You’ve probably heard of Rosie the Riveter, that iconic figure of American spirit. Many people may also know that Rose Will Monroe traveled from rural Kentucky to Ypsilanti, Michigan to work among thousands of others during World War II. But what about where she worked and what she made? Find out more about Rosie’s world by exploring this online story map and keep reading to learn a few fun facts on Rosie’s place of work. Plus, in 2017, the Yankee Air Museum reclaimed the Guinness World Record for the Largest Gathering of Rosie the Riveters!
The Willow Run Bomber Plant, located just outside of metro Detroit in Ypsilanti Township, was the pinnacle of American innovation at the time of its construction. Between 1940 and 1945, workers built the plant and accomplished something truly astonishing: one B-24 Liberator rolled off the production line per hour. Its guns were immediately tested, and then the plane was sent into battle!
This mind-boggling feat of engineering and logistics was accomplished with Ford Motor Company-designed planes and Packard engines, both titans of Michigan manufacturing. America’s strongest auto companies rallied their workforces to create an incredibly powerful industrial complex nicknamed the “Arsenal of Democracy.”
Fun Facts About the Arsenal of Democracy
The Willow Run Bomber Plant was designed by internationally significant architect Albert Kahn, Detroit’s foremost architect and designer of the University of Michigan campus. This installation symbolized American automakers’ role in the War Effort. It employed 40,000 workers – including women, whites and blacks from the rural South, and even “Little People” actors from the film Wizard of Oz.
It was pivotal in the expansion of the American middle class and suburbanization in Michigan. Workers were drawn from every state to live initially in tents and shacks, with hopes of rising out of poverty conditions and making wages previously thought unattainable. This workforce persisted, large scale housing developments were built to house them, and the site was later converted to auto production.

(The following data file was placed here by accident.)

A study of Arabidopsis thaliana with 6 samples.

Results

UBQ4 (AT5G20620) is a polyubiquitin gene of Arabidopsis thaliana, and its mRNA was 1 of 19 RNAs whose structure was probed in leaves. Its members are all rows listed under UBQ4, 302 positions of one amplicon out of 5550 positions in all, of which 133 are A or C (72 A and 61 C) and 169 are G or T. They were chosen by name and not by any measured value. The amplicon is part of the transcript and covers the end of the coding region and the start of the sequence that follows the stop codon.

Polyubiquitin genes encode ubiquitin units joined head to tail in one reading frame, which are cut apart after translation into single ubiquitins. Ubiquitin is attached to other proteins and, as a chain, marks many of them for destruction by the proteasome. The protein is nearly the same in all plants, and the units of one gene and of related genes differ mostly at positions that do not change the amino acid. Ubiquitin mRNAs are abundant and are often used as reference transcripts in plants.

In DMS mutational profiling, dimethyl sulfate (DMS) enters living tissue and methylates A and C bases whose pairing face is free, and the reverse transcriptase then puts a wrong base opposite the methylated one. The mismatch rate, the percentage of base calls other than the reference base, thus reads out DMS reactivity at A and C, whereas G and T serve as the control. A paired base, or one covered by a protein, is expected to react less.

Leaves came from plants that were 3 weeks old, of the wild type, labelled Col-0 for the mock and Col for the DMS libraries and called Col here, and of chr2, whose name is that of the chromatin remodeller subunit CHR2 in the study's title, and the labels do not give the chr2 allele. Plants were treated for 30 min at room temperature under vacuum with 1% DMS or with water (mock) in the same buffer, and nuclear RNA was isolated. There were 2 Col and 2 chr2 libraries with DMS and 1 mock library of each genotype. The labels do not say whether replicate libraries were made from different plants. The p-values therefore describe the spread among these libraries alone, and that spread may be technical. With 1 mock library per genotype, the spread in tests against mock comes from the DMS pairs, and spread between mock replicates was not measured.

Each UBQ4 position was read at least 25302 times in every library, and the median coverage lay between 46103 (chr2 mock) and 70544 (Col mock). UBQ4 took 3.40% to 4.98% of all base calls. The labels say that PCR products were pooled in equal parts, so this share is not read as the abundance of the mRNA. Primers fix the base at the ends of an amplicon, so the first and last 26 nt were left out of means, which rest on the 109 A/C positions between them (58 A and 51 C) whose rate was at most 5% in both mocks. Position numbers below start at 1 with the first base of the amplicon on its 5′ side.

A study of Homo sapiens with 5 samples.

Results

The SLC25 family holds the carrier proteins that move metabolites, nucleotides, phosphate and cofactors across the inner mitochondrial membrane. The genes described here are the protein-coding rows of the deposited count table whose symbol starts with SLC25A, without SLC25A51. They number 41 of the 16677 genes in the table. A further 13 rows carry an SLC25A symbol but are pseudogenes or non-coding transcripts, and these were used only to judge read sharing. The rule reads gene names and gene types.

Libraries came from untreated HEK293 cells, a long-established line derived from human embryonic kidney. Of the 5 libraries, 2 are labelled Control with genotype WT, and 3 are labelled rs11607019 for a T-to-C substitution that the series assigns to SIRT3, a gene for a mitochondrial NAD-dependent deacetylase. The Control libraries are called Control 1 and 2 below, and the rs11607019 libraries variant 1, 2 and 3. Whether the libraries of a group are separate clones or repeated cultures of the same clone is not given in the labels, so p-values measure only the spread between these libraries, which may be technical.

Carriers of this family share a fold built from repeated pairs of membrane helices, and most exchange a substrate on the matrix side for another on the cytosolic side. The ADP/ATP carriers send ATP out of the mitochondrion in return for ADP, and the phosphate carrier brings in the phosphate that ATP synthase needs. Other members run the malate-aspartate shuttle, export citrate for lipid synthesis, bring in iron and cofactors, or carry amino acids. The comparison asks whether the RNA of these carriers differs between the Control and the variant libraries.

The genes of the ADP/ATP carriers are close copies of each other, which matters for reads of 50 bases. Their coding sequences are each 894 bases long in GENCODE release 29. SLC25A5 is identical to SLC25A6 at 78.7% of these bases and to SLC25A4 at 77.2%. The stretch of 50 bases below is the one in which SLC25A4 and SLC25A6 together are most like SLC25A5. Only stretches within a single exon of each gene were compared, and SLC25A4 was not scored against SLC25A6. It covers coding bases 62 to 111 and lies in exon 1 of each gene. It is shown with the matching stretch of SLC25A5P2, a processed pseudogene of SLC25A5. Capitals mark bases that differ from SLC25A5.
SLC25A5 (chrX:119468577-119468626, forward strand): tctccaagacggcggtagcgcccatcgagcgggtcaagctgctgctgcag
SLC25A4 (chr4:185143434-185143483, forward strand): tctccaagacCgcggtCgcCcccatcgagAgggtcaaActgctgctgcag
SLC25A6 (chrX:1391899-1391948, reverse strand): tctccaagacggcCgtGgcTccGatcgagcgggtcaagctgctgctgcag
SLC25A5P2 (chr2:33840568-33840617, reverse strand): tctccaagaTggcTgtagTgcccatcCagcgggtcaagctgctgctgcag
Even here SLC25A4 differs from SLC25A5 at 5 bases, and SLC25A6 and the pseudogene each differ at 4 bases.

The complex had a building footprint covering more than 5 million square feet. The sheer amount of traffic was a catalyst for regional transportation expansions including the world’s first triple-decker highway interchange.
Speed defined the site. Engineer Charlie Sorensen implemented his pioneering model for just-in-time-manufacturing to hasten production. Famed pilot Charles Lindbergh conducted aerospace design and test flights at Willow Run.
Fast forward to 2017. The plant no longer stands, except for a portion being reused by the Yankee Air Museum, but site re-developers are making way for the new American Center for Mobility. This connected vehicle testing facility for autonomous cars is capitalizing on the existing talents and resources in our region, and continuing our role as leaders in engineering innovation. Rosie would be proud!
Check out the Story Map and other Washtenaw County Heritage Tours by visiting www.ewashtenaw.org/heritagetours or click here to go directly to the Willow Run tour. And, if you snap a pic of one of these fantastic sites for yourself, use the hashtag #YpsiReal to share it with us.